China set to oppose Biden administration’s electric vehicle strategies at the World Trade Organization


China set to oppose Biden administration’s electric vehicle strategies at the World Trade Organization

China has filed a complaint against the U.S. with the World Trade Organization, citing discriminatory requirements for electric vehicle subsidies. Under a new U.S. rule that went into effect on January 1, electric car buyers are ineligible for tax credits of $3,750 to $7,500 if critical minerals or battery components were made by Chinese, Russian, North Korean, or Iranian companies. These tax credits are part of President Joe Biden’s climate legislation, known as the 2022 Inflation Reduction Act.

The Chinese Commerce Ministry did not specify what prompted the complaint but criticized the U.S. for formulating discriminatory subsidy policies for new energy vehicles under the act. The statement mentioned that these policies excluded Chinese products, distorted fair competition, and disrupted the global supply chain for new energy vehicles. Members of the WTO can file complaints about trade practices of other members and seek relief through a dispute settlement process.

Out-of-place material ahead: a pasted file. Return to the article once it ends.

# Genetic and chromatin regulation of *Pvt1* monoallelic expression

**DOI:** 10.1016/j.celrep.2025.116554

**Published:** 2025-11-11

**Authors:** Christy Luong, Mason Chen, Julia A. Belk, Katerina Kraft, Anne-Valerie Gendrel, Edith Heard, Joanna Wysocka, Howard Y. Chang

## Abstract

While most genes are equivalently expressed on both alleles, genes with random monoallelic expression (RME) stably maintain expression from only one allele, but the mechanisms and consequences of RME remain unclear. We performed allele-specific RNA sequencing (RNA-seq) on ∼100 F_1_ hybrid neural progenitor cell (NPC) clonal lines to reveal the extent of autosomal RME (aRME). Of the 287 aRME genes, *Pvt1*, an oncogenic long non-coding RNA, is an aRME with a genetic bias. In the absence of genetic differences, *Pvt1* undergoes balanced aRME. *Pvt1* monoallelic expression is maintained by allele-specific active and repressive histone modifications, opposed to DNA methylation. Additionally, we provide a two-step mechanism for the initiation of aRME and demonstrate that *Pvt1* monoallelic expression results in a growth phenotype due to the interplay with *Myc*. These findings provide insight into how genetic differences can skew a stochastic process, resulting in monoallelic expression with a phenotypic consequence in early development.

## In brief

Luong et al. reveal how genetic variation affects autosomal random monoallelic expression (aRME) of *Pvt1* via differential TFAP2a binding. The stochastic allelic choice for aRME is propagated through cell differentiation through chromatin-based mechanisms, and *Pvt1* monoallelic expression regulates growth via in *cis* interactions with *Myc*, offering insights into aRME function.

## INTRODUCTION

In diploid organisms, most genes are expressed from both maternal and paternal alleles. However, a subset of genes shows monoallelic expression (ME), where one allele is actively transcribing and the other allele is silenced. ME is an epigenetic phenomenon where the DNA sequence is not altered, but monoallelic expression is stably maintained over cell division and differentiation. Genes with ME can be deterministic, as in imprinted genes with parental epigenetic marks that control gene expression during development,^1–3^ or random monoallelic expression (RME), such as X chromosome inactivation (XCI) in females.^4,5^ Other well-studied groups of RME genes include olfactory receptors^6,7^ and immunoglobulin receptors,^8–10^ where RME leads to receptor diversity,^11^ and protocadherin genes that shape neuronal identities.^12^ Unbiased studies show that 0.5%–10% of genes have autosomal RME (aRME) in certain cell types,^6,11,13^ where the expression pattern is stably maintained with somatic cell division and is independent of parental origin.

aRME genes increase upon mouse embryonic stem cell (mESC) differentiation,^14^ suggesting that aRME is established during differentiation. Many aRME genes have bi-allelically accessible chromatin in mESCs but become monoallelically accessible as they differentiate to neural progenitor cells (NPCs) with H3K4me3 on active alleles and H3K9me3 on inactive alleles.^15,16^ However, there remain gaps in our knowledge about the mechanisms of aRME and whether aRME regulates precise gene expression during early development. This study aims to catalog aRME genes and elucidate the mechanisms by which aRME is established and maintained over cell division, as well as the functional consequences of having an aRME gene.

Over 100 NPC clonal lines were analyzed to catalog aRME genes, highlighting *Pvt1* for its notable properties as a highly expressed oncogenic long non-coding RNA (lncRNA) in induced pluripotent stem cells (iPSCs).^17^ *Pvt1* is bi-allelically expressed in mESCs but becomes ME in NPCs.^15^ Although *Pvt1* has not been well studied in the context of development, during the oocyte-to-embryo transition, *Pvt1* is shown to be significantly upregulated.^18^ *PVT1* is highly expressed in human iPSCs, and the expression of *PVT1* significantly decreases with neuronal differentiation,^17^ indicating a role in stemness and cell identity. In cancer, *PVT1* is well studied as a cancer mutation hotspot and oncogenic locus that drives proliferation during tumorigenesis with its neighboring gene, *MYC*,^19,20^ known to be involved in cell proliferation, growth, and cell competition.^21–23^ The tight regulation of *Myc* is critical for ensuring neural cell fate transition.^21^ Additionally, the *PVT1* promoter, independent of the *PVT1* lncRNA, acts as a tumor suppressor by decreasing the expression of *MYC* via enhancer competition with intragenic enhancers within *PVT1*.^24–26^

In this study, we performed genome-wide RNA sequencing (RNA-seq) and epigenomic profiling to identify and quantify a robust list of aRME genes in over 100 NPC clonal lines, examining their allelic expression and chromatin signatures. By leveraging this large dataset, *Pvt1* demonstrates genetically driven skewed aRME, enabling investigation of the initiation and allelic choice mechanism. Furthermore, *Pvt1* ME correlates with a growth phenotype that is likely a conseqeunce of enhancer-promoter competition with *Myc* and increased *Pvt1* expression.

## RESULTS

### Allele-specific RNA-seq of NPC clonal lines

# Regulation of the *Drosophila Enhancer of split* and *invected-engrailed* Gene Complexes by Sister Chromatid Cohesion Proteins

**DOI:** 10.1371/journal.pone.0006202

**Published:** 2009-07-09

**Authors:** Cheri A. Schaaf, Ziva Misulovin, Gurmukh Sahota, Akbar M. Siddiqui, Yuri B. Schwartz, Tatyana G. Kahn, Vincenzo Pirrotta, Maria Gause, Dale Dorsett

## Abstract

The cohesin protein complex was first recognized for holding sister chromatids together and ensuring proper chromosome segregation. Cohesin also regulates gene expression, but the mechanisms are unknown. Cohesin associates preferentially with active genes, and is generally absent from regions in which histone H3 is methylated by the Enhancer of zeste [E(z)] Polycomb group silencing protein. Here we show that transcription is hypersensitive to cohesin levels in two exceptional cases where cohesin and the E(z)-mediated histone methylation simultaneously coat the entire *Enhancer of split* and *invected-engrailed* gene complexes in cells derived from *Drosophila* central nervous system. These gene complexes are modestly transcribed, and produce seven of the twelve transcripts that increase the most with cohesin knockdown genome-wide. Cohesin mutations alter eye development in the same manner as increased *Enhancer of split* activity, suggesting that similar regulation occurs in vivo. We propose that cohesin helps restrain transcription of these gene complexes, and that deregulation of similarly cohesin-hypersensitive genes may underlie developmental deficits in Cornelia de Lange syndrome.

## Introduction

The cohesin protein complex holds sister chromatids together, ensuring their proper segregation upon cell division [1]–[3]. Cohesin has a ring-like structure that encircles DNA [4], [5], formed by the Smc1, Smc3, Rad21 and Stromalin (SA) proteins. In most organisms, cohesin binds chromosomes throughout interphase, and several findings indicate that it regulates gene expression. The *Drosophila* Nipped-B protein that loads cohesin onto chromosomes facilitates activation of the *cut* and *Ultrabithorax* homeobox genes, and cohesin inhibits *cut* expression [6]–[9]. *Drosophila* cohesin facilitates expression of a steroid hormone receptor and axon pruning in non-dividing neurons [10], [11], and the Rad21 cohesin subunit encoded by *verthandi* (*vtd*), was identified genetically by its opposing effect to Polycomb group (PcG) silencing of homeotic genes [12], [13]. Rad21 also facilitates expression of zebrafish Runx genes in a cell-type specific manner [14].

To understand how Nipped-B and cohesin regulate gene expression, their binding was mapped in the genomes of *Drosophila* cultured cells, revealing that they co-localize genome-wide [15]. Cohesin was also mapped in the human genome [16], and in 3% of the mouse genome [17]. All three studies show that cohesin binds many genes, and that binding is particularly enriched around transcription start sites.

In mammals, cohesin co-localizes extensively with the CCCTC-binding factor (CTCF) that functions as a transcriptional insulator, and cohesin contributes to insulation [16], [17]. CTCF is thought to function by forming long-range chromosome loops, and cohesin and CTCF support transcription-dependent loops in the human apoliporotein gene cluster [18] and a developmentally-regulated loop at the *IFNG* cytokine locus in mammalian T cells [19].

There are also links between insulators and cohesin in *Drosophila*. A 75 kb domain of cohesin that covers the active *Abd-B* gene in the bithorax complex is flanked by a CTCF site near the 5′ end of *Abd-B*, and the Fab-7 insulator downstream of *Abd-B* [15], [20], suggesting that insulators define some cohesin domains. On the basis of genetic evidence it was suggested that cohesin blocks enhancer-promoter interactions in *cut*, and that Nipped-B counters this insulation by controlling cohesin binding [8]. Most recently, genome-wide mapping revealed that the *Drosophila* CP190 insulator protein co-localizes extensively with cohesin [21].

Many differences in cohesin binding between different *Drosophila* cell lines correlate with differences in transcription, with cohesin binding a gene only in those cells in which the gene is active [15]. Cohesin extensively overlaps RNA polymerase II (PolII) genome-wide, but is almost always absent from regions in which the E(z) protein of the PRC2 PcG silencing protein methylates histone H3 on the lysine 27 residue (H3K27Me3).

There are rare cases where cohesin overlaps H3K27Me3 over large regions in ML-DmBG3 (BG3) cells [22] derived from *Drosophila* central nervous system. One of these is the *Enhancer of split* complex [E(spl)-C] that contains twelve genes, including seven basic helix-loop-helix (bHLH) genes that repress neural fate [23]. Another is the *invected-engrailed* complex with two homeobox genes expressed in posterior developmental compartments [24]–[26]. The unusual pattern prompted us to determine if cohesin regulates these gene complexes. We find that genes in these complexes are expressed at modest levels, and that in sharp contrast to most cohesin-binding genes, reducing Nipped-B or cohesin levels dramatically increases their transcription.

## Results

The impact of the case is uncertain, as the functioning of the WTO’s Appellate Body has been blocked since late 2019 by the U.S. China, a dominant player in batteries for electric vehicles, has a rapidly expanding auto industry with strengths in electric vehicles and battery technology. The European Union has launched its own investigation into Chinese subsidies for electric vehicles, concerned about potential threats to its auto industry.

With the new U.S. rule, only 13 out of over 50 electric vehicles on sale in the U.S. are eligible for tax credits, a decrease from about two dozen models in 2023. Automakers are working to source parts that would make their models eligible for the credits.